Gymnogeophagus jaryi: A Stunning New Eartheater Species
03 Jun, 2019
Great news! Another beautiful eartheater has been described!
Gymnogeophagus jaryi is from Southern tributaries of the Middle Paraná basin in Misiones, Argentina (see map). This new species is the sister species of G. caaguazuensis from the Paraguay basin and is closely related to G. australis.
For you Geo-Philes, the authors give additional details including the fine differences between G. jaryi and G. caaguazuensis. Specifically, G. jaryi has a longer caudal peduncle, non-lyrate tail fins, and light iridescent blue and by white spots in the soft portion of dorsal fin in adult males.
They also describe how it differs from G. australis; specifically stating G. jaryi has a light iridescent blue color on the central portion of scales and on the dorsal portion of trunk and tail, and lack of scales on the soft portion of the dorsal fin.
Other characteristics of this species are outlined in the article by Felipe Alonso and colleagues entitled, Description of a new species of the Neotropical cichlid genus Gymnogeophagus Miranda Ribeiro, 1918 (Teleostei: Cichliformes) from the Middle Paraná basin, Misiones, Argentina. The article is published open source in PLoS ONE.
If you haven’t ventured into keeping cichlids, it is an amazingly diverse group of fishes found across the world – with almost 600 species in the neotropical region alone! Within the genus Gymnogeophagus, there are 18 species across two species groups, the G. gymnogenys group (mouthbrooders) and the G. rhabdotus (substrate brooders). This species is likely very similar in husbandry to other eartheaters – fine substrate, good water quality, and an insectivorous diet.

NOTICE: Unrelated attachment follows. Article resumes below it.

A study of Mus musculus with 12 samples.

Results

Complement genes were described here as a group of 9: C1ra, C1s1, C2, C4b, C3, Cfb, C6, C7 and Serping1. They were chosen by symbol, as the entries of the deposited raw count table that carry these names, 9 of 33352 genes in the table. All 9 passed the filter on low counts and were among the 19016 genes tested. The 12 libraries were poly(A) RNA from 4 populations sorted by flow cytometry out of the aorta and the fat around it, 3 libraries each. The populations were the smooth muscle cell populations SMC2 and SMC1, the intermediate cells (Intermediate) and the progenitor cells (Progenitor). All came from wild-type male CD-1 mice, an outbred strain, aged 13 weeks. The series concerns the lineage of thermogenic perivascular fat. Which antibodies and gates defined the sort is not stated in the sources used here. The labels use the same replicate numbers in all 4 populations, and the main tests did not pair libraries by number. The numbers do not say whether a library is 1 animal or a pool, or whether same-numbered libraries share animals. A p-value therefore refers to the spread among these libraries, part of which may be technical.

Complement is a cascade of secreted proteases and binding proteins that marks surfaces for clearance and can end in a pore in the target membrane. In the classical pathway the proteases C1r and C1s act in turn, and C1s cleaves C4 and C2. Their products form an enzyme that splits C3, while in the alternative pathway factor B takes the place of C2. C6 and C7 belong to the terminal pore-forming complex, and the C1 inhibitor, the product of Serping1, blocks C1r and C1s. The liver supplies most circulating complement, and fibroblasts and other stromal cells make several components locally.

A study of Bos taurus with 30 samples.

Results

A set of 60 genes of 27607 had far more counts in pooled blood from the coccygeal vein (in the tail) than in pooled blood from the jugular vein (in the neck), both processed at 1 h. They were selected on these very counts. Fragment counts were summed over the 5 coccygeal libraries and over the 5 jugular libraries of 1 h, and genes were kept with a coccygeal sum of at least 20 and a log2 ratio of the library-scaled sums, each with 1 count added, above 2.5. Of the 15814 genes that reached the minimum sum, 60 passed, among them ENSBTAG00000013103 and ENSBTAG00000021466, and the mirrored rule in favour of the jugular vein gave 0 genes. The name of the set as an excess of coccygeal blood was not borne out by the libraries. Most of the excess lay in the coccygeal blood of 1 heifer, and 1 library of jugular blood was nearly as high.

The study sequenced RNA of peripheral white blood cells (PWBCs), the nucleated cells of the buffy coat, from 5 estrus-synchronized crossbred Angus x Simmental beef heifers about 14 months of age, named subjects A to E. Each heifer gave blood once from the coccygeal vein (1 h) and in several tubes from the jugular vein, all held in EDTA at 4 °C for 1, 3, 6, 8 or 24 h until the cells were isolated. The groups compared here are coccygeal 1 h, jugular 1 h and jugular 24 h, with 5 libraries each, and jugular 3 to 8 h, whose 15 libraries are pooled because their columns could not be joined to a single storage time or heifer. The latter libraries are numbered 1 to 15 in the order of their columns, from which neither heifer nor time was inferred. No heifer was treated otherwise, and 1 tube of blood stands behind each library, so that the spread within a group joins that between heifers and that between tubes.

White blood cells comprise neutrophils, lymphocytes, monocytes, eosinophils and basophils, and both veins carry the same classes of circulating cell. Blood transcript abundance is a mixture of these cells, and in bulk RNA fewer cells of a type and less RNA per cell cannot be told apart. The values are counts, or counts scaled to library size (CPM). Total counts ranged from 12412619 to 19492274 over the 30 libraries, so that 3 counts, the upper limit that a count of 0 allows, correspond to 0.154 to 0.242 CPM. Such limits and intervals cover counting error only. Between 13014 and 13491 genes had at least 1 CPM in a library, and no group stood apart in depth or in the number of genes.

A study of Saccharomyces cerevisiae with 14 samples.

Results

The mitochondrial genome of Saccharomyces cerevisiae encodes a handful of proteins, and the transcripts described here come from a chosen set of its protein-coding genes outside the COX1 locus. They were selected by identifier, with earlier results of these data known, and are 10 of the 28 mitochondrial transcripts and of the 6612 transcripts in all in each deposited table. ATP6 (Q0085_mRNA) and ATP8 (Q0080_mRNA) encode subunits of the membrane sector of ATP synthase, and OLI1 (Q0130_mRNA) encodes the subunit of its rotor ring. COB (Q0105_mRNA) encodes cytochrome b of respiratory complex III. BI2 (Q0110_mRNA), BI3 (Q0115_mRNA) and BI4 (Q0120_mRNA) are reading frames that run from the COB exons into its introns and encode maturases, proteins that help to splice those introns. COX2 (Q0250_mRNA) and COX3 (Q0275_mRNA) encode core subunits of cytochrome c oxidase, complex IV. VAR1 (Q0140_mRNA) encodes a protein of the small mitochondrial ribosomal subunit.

AMAZONAS Editor and Publisher Mike Tuccinardi suggested that aquarists not get their hearts set on obtaining this new species. “It’s unlikely we’ll see these in the hobby or trade due to their origination in Argentina and Paraguay (there are only limited commercial exports from these countries). The genus Gymnogeophagus has a pretty limited following in the hobby—while colorful, most of them require cooler temperatures for at least part of the year as they are from more temperate regions if the hope is to see any reproductive activity.”
Literature Cited: Alonso F, Terán GE, Aguilera G, Říčan O, Casciotta J, Serra WS, et al. (2019) Description of a new species of the Neotropical cichlid genus Gymnogeophagus Miranda Ribeiro, 1918 (Teleostei: Cichliformes) from the Middle Paraná basin, Misiones, Argentina. PLoS ONE 14(2): e0210166.